For Coaches Frustration



Although she is talented, she seems to have hit a plateau on bars at the moment and it almost seems like she isn't even trying. We've been working a particular skill for a couple of weeks now and it hasn't improved. It seems like she is happy with it the way it is, but I know that she will get big deductions for it because it is technically quite bad. I've spoken to her about it and I thought we were getting somewhere on Saturday, but today I just had tears and tantrums becase she didn't want to do it my way! We are both getting frustrated with eachother and no-one is getting anywhere!

I think I might get her working on something else over the next few sessions and then go back to this skill, I might also video it as it is now, and after a few more sessions, film it again and see how it has improved.

I'm kind of only typing this to have a rant and get it out of my system, but if anyone has any words of wisdom for me, i'd really appreciate it!

Marie
 


Also maybe could you go back to some progressions? It really depends on what the skill is, but if you know what particulaly it is that's stopping her from making progress - is it strength, flexibility, or just focussing and wanting to improve it?

Hope that helps a little.
 

marie83

We went back to just doing straddle on and lower down slowly, keeping the feet on the bar for the whole thing, then we sped it up a bit and the feet came off straight away.

I've explained that she has to pull with her arms and push with her feet, I've put her in the position where I want her feet to release, she has told me where they have to release, so I don't really know what the problem is - she won't tell me if there is a reason why her feet come off, she just shrugs and walks away - I'd settle for 'I don't know' - at least it is an answer!

She has been doing this skill with another coach since she first started, so pretty much 2 years now, and I know the other coach had a hard time getting her to do it.
The trouble is that the only alternative skill to this is a fly away which I really don't think she will get in time.

I also have trouble getting her to do her kip properly - again, she just won't listen to my corrections and carries on doing it her way. She is a very stubborn little girl!

I guess I will keep battling on - I'll explain to her and her mum why it is important that we get it right and then perhaps work on other skills aswell.

Thanks for your comments!
 

bogwoppit


You can adjust the stack height and distance as they progress. It works well if you want to twist the dismount, as then they need to open later and rotate onto their fronts.

Good luck!
 

gymch34

:)I agree w/ going back to basics & doing the drills.
It does sound like she is pushing your buttons. I would step away from this skill for a few days, then go back to it. Give her (and the rest of the kids) 2 turns to make corrections, if she does not, stop working the skill & have her move on to something else that isnt very fun. The kids in her group who DO make the necessary changes will get to move on to something fun, flyaway drills, etc- whetever they like to do that motivates them.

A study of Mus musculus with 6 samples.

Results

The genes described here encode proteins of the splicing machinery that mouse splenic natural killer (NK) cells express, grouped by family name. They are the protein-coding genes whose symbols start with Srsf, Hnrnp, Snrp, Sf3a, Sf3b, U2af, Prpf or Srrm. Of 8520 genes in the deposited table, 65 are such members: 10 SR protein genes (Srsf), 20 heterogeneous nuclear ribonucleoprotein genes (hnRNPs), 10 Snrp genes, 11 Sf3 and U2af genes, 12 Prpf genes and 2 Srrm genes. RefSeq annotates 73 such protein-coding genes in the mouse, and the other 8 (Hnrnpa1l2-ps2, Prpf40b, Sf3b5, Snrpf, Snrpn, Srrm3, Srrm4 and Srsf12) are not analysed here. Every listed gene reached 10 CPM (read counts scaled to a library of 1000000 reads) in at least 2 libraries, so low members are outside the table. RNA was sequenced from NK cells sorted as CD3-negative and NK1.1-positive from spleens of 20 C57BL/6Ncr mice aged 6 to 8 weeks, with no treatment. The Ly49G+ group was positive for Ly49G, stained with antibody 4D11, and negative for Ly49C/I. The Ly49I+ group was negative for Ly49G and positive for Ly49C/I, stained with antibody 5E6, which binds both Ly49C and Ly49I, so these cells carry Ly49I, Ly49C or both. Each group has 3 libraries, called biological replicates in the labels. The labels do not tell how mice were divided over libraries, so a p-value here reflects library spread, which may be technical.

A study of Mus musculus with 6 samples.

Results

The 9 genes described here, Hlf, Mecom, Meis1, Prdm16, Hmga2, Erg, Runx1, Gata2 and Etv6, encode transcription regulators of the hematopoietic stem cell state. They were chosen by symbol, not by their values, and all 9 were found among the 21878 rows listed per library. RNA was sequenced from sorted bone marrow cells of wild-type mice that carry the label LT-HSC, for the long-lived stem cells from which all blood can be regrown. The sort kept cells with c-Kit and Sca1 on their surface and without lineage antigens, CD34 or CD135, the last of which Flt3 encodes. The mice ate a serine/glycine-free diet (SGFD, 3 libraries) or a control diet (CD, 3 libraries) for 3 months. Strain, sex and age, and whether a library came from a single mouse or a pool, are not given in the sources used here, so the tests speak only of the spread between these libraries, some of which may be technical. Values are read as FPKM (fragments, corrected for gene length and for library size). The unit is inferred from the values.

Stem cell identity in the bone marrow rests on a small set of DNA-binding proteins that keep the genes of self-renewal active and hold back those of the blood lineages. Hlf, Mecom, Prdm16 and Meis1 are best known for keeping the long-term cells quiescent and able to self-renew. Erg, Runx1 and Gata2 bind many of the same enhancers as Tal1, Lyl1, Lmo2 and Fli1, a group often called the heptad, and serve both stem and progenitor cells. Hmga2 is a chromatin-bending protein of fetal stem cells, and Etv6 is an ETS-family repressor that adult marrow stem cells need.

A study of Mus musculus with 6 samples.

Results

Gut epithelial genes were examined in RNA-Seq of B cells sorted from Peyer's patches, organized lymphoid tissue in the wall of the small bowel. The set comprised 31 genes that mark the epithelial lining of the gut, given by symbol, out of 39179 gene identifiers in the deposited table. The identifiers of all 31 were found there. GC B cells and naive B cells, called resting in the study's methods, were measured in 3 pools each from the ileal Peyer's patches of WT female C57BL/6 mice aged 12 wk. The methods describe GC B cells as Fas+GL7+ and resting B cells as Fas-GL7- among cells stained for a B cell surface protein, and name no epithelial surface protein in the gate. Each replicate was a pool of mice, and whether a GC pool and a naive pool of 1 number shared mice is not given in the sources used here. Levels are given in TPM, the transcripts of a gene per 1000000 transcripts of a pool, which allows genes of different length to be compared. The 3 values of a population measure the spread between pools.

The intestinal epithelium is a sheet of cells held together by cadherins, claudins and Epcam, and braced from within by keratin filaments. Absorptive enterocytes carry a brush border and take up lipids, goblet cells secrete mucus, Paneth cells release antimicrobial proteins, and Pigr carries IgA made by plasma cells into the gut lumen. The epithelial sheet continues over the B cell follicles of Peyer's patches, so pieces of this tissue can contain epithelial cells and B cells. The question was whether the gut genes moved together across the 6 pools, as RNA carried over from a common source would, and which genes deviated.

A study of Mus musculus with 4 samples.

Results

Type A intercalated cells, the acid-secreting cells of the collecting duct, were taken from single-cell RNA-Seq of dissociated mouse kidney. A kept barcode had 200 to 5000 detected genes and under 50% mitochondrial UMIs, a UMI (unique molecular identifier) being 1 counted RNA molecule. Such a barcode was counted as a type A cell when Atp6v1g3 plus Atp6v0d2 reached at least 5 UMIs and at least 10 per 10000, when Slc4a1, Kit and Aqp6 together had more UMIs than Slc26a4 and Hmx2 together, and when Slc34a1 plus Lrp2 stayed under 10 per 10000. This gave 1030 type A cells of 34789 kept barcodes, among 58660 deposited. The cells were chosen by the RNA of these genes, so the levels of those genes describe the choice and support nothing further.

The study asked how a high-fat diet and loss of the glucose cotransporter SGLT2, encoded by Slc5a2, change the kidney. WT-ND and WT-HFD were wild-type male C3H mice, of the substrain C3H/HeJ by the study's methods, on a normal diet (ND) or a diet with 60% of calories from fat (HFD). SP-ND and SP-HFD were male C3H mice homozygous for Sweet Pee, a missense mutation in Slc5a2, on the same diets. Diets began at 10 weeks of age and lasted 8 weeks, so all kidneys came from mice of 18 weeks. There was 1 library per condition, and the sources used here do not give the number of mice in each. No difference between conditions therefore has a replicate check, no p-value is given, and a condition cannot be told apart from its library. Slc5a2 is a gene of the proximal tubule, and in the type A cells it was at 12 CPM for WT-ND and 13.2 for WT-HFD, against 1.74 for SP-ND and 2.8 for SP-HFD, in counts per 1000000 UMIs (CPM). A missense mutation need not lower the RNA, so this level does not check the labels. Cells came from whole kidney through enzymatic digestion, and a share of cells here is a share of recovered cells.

The more she sees you frustrated, the more power she has. Make sure you talk calmly when you say- "everyone has 2 turns to make this correction" and when she does not make it say calmly, "ok, susie & sally, you did not make the correction, so please do 10 of xx drill or 10 leg lifts (whatever type of drill or conditioning that will improve their skill.) Lily & Milly, DID make the correctlion, so please set up the flyaway drills & I will spot you."

That way the kids that are doing what you ask are getting the attention, not the ones that are not. When she asks why she didnt get to do the flyaway drill, explain calmly that you are trying to help her, and as soon as she can make the correction on XX skill, she too can join the flyaway group.

I think you'll see an improvement, but be prepared, her tactics of getting attention for doing the wrong thing has worked for a while, so you'll need to be consistent w/ this technique w/ all the kids. Hope this helps!
 

marie83

It does sound like she is pushing your buttons. I would step away from this skill for a few days, then go back to it. Give her (and the rest of the kids) 2 turns to make corrections, if she does not, stop working the skill & have her move on to something else that isnt very fun. The kids in her group who DO make the necessary changes will get to move on to something fun, flyaway drills, etc- whetever they like to do that motivates them.

The more she sees you frustrated, the more power she has. Make sure you talk calmly when you say- "everyone has 2 turns to make this correction" and when she does not make it say calmly, "ok, susie & sally, you did not make the correction, so please do 10 of xx drill or 10 leg lifts (whatever type of drill or conditioning that will improve their skill.) Lily & Milly, DID make the correctlion, so please set up the flyaway drills & I will spot you."

That way the kids that are doing what you ask are getting the attention, not the ones that are not. When she asks why she didnt get to do the flyaway drill, explain calmly that you are trying to help her, and as soon as she can make the correction on XX skill, she too can join the flyaway group.

I think you'll see an improvement, but be prepared, her tactics of getting attention for doing the wrong thing has worked for a while, so you'll need to be consistent w/ this technique w/ all the kids. Hope this helps!
I like your idea!
I don't think she is doing it for attention though - on the other apparatus she listens and really tries to improve, it is just bars where she seems to settle for what she thinks is good enough. She actually gets upset when she thinks I am getting cross with her. I think there must be an underlying problem with the skill - so going back to basics is one thing I will definately do today.